A historic inn makes it feel as though you’ve traveled back in time a few generations, especially if the innkeeper goes by the name Great Great Grandma. Enjoy old-fashioned hospitality with this Groupon.
Choose from Four Options
- $149 for a two-night stay in the Azalea, Camellia, Wisteria, or Magnolia standard room for two (a $298 value)
- $189 for a two-night stay in the Fairfax or Murphy suite for two (a $378 value)
- $219 for a three-night stay in a standard room for two (a $447 value)
- $279 for a three-night stay in a suite for two (a $567 value)
Guests receive a complimentary creole breakfast each morning of their stay. Groupon customers also receive 15% off any service at Argus Spa, one free round of golf with the purchase of a round at The Atchafalaya golf course, and one free appetizer with the purchase of two entrees at The Atchafalaya Restaurant.
The Fairfax House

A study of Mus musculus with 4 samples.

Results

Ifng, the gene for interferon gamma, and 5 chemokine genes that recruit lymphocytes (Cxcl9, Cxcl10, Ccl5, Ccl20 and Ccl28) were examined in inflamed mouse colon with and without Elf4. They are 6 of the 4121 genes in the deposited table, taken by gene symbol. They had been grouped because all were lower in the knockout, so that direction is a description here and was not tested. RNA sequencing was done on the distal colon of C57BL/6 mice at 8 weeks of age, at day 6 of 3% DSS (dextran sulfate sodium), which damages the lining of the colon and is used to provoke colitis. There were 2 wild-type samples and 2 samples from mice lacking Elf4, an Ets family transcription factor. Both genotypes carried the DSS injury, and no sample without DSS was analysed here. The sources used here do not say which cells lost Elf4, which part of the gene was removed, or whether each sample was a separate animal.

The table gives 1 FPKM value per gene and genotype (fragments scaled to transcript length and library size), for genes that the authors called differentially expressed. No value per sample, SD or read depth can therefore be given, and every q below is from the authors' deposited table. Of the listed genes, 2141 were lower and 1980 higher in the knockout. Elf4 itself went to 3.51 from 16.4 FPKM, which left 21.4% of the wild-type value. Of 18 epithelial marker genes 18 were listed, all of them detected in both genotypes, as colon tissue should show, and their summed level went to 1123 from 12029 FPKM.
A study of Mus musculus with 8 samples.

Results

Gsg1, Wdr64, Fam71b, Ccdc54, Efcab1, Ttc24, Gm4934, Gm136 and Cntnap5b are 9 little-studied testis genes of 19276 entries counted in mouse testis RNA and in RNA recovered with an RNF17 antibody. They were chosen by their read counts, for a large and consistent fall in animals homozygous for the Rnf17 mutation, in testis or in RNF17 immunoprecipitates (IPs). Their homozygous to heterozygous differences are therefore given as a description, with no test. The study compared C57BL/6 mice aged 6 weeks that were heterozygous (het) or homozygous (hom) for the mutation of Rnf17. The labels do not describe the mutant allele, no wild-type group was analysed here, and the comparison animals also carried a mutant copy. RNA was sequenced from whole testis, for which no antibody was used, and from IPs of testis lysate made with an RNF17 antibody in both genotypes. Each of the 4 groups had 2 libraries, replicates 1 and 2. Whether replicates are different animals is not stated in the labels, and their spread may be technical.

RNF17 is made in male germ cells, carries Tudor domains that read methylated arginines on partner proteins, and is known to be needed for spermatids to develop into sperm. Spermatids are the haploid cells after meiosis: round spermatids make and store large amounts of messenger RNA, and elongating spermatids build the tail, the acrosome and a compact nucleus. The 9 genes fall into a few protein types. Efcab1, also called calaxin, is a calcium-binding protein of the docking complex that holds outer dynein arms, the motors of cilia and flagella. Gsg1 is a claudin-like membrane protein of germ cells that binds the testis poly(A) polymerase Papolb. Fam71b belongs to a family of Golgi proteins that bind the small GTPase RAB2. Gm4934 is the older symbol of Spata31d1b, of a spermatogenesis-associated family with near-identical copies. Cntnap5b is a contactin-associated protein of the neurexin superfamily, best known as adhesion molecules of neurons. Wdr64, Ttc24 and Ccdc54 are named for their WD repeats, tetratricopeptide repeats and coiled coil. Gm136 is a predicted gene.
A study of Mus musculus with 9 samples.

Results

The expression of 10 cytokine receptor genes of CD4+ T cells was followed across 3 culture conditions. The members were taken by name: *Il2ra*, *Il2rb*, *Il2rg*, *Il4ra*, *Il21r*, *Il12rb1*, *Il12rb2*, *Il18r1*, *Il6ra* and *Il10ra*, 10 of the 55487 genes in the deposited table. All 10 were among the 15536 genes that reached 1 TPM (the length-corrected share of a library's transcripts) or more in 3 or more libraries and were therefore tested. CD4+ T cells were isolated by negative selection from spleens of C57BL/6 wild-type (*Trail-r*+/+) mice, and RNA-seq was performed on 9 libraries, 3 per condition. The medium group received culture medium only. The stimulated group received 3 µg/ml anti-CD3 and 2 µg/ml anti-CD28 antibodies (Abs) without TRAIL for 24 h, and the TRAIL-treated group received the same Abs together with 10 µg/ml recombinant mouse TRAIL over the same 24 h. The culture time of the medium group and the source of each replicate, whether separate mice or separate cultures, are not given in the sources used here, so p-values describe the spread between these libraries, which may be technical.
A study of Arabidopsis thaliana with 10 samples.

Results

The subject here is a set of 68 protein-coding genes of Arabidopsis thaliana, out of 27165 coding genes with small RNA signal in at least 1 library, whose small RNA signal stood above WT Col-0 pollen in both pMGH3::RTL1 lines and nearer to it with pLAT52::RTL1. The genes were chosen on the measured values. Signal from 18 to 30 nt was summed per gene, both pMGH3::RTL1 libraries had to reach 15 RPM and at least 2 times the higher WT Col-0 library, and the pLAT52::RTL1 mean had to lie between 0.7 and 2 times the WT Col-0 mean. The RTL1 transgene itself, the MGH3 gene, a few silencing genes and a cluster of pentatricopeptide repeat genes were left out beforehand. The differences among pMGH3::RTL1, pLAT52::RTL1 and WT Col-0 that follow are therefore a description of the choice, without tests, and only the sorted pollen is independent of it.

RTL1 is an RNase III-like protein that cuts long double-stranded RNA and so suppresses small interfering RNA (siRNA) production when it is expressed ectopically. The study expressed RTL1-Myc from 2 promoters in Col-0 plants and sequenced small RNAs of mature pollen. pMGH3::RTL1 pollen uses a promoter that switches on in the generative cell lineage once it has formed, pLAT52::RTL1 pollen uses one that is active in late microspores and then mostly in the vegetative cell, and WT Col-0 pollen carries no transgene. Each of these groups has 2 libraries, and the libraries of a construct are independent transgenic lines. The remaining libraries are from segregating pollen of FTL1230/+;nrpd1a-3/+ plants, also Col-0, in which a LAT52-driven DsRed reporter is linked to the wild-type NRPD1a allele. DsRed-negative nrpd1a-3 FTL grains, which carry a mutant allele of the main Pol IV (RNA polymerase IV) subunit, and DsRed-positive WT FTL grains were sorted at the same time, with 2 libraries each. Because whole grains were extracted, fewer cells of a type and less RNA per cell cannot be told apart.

In view of the historic Bayou Teche, across a manicured emerald lawn, and down a path lined with century-old oak trees and bamboo stalks stands The Fairfax House. Built in 1852 by one John Barrett Murphy for his daughter Martha, the former sugarcane plantation remained a family home for decades—until it was transformed into an elegant country inn. The current owners have restored the property, preserving 19th-century elements such as impressive gardens and a gently curved, floating central staircase. But they've also added modern amenities such as jacuzzi tubs (each room has its own attached bath) and wi-fi.
Inside The Fairfax House's six ornately appointed rooms, antique furnishings and luxury linens complement antique artwork from around the globe. Wide plantation-style shutters let natural light sneak in throughout the day, and many rooms offer access to the home's two levels of wide, rocker-equipped porches. Guests gather in the communal living room or the dining room, where the staff serves a Creole-style breakfast each morning. Once their bellies are full, they might head out to a nearby spa or wander past some of the City of Franklin's early-19th-century buildings that have made it onto the National Register of Historic Places—about 420 in all, making Franklin an extremely affordable housing market for ghosts.